WINSTON-SALEM -- The unofficial start to summer brings with it a spike in heat-related illnesses.
The North Carolina Department of Health and Human Services (DHHS) reported that people visited emergency departments more than 1,200 times last summer for heat-related issues, and that trend began Memorial Day weekend, when temperatures hovered in the 90s.
David Cline, professor of emergency medicine at Wake Forest Baptist Medical Center in Winston-Salem explained the very young and the very old are the most susceptible to having a heat-related issue.
"The real concern is someone whose body temperature goes up and stays up and then they are no longer themselves. They can't think for themselves; they become confused. That's actually heat stroke," he said.
DHHS offers these summer safety tips:
- Know the symptoms of heat stroke -- high body temperature, dry skin (no sweating), rapid pulse, headache, dizziness, nausea, confusion, or unconsciousness. If you or someone you know has these symptoms, cool your body temperature (like cold showers or water) and seek immediate medical assistance.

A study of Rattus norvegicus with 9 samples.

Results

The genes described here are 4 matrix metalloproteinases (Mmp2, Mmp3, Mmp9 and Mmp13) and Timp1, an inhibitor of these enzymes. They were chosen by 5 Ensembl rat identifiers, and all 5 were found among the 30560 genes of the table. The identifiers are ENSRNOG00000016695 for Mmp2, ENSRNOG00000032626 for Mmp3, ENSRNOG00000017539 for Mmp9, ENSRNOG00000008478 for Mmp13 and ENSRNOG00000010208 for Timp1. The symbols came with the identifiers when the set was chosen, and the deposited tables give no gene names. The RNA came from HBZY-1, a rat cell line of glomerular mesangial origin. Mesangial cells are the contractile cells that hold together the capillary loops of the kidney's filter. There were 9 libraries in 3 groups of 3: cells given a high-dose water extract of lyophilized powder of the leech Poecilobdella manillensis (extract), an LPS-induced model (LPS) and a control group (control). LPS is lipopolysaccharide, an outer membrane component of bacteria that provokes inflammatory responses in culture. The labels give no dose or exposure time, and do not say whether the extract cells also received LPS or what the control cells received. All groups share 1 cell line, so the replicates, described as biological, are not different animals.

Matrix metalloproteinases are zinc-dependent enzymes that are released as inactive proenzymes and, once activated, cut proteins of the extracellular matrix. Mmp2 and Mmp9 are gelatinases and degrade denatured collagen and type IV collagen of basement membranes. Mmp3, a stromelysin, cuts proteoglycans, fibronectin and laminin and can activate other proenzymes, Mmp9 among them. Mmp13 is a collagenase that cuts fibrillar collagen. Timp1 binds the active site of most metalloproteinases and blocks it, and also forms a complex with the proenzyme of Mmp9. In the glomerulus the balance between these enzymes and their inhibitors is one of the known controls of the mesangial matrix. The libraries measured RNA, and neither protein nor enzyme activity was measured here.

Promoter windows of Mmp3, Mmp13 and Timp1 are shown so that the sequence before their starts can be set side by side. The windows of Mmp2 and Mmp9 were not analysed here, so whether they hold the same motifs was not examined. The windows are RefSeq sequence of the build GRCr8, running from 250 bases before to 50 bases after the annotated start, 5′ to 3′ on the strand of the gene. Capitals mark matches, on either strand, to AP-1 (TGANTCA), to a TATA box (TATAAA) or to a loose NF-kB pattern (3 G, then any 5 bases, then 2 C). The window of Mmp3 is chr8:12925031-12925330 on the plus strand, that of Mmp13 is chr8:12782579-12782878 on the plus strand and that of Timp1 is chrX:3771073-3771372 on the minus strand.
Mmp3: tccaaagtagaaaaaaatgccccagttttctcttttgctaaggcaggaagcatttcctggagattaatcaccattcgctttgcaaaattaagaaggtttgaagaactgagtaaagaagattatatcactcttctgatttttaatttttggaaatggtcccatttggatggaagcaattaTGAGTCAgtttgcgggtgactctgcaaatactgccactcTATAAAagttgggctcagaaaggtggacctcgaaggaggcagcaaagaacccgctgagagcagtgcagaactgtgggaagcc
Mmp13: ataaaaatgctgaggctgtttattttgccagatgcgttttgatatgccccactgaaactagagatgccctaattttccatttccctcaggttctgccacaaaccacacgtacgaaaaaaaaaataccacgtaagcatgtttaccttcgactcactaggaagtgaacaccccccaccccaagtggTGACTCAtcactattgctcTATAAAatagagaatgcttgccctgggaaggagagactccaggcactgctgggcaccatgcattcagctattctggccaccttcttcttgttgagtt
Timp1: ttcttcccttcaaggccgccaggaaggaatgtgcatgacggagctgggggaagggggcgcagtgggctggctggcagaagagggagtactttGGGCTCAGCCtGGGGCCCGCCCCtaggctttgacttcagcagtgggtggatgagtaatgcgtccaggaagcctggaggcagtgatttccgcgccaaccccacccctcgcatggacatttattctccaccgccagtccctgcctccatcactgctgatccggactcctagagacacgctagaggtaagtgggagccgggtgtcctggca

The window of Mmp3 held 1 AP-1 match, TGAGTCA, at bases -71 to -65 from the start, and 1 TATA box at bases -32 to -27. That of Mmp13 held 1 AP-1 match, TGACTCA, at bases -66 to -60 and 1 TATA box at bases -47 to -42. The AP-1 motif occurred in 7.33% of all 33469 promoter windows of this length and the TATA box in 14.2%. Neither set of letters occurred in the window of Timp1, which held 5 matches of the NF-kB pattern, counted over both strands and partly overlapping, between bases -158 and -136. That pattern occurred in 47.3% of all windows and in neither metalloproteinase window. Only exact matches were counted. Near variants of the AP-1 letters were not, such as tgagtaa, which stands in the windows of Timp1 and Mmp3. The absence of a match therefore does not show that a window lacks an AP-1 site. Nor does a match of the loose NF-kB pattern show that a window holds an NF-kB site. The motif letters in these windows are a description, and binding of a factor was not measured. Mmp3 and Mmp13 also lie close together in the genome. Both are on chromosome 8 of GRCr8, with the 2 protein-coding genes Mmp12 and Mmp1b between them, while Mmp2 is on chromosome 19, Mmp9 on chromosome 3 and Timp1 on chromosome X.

- Limit your time outdoors, especially in the afternoon when the day is hottest.
-Never leave a child, a disabled or elderly person, or a pet in an unattended car, even with the windows down. A closed vehicle can heat up to dangerous levels in as little as 10 minutes.
- Dress appropriately in loose-fitting, light-colored cotton clothes.
- Also remember that some medications, as certain psychiatric medications, can affect your ability to sweat. Consult your health care provider for recommendations on how to monitor your body’s response to the heat while taking medicines."
Cline said stay hydrated while out in the sun with a sports drink that has a little salt, potassium and sugar.